Johnson County officials discuss Access Center to help those in crisis

Proposed campus could accept mentally ill, homeless to relieve pressure on jail, hospitals

The Johnson County Health and Human Services building (right) is connected by a skywalk over E. Benton Street to the Johnson County Administration Building. (Gazette file photo)
The Johnson County Health and Human Services building (right) is connected by a skywalk over E. Benton Street to the Johnson County Administration Building. (Gazette file photo)

IOWA CITY — Johnson County government, law enforcement and not-for-profit representatives met Wednesday to discuss possible plans for a future jail alternative and crisis safe space.

A steering committee for the Crisis Intervention Training program in Johnson County developed the concept for the Access Center, which it presented Wednesday morning to officials representing organizations involved in the CIT — which included police, the sheriff’s office, the county board of supervisors, city of Iowa City, Shelter House and the Crisis Center, among others.

The facility is meant to be a safe space for people who are in a crisis but also provide police with an alternative to jail or hospitals, similar to other facilities in San Antonio and Kansas City. The proposal calls for a sobering room, a crisis stabilization unit and a low-barrier shelter.

“So often the services get set up kind of not keeping the person in mind,” said Jessica Peckover, jail alternatives coordinator. “We’re not just wanting to create another cog in the wheel. We have all these different services, but we really want to be intentional about serving this population.”

The steering committee expects the Access Center to be 40,000 square feet over three acres. No site has been identified for the project.

The facility is projected cost between $5 and $10 million — depending on if an existing property is purchased or build new structure.

Annual operating costs are expected to be $3.7 million, including $2.8 in salaries. The committee is expecting to get about $2.1 million in medical services reimbursement.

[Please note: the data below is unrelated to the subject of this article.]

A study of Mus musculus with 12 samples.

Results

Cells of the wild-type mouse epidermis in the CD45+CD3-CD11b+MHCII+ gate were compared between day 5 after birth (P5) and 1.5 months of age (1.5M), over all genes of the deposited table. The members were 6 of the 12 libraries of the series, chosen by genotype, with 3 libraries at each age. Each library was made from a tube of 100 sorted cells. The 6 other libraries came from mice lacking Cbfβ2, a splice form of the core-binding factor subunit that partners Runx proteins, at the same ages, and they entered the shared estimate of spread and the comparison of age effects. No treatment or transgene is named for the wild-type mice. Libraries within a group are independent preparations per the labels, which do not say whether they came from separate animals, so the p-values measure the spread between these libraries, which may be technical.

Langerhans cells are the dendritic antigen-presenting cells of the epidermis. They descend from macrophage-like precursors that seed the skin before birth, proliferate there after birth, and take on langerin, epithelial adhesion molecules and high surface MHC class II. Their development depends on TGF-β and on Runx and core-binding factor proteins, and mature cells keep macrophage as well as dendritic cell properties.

The Access Center would allow walk-ins, but also would provide a space for police to take the mentally ill, homeless or intoxicated.

Once people show up for help at the center, the idea is first to provide them with safety, food and shelter. Then a case manager would be available to talk about additional services or resources.

The center also is planned to provide some medical services and have law enforcement on hand.

“I think we can understand is there are a wide range of need to be detained because they’re causing some disruption in our public,” said Dr. Rick Dobyns with the UI Hospital and Clinics. “I think we can all agree there are people who are clearly criminal, need to go to our jail. And there are people who clearly are not,” said Dr. Rick Dobyns with the UI Hospital and Clinics.”

“I think the vision of this though is to recognize there are services that are lacking,” said Ron Berg, chief executive officer of Prelude Behavioral Services. “I think the choice is, do we really want to expand the services to our community and make it a better place for everybody?”

The steering committee still needs to determine how the Access Center will be operated — if a single government body should control it, entities form a partnership or a new not-for-profit should be formed.

Peckover said the next CTI stakeholder meeting is tentatively scheduled for next January.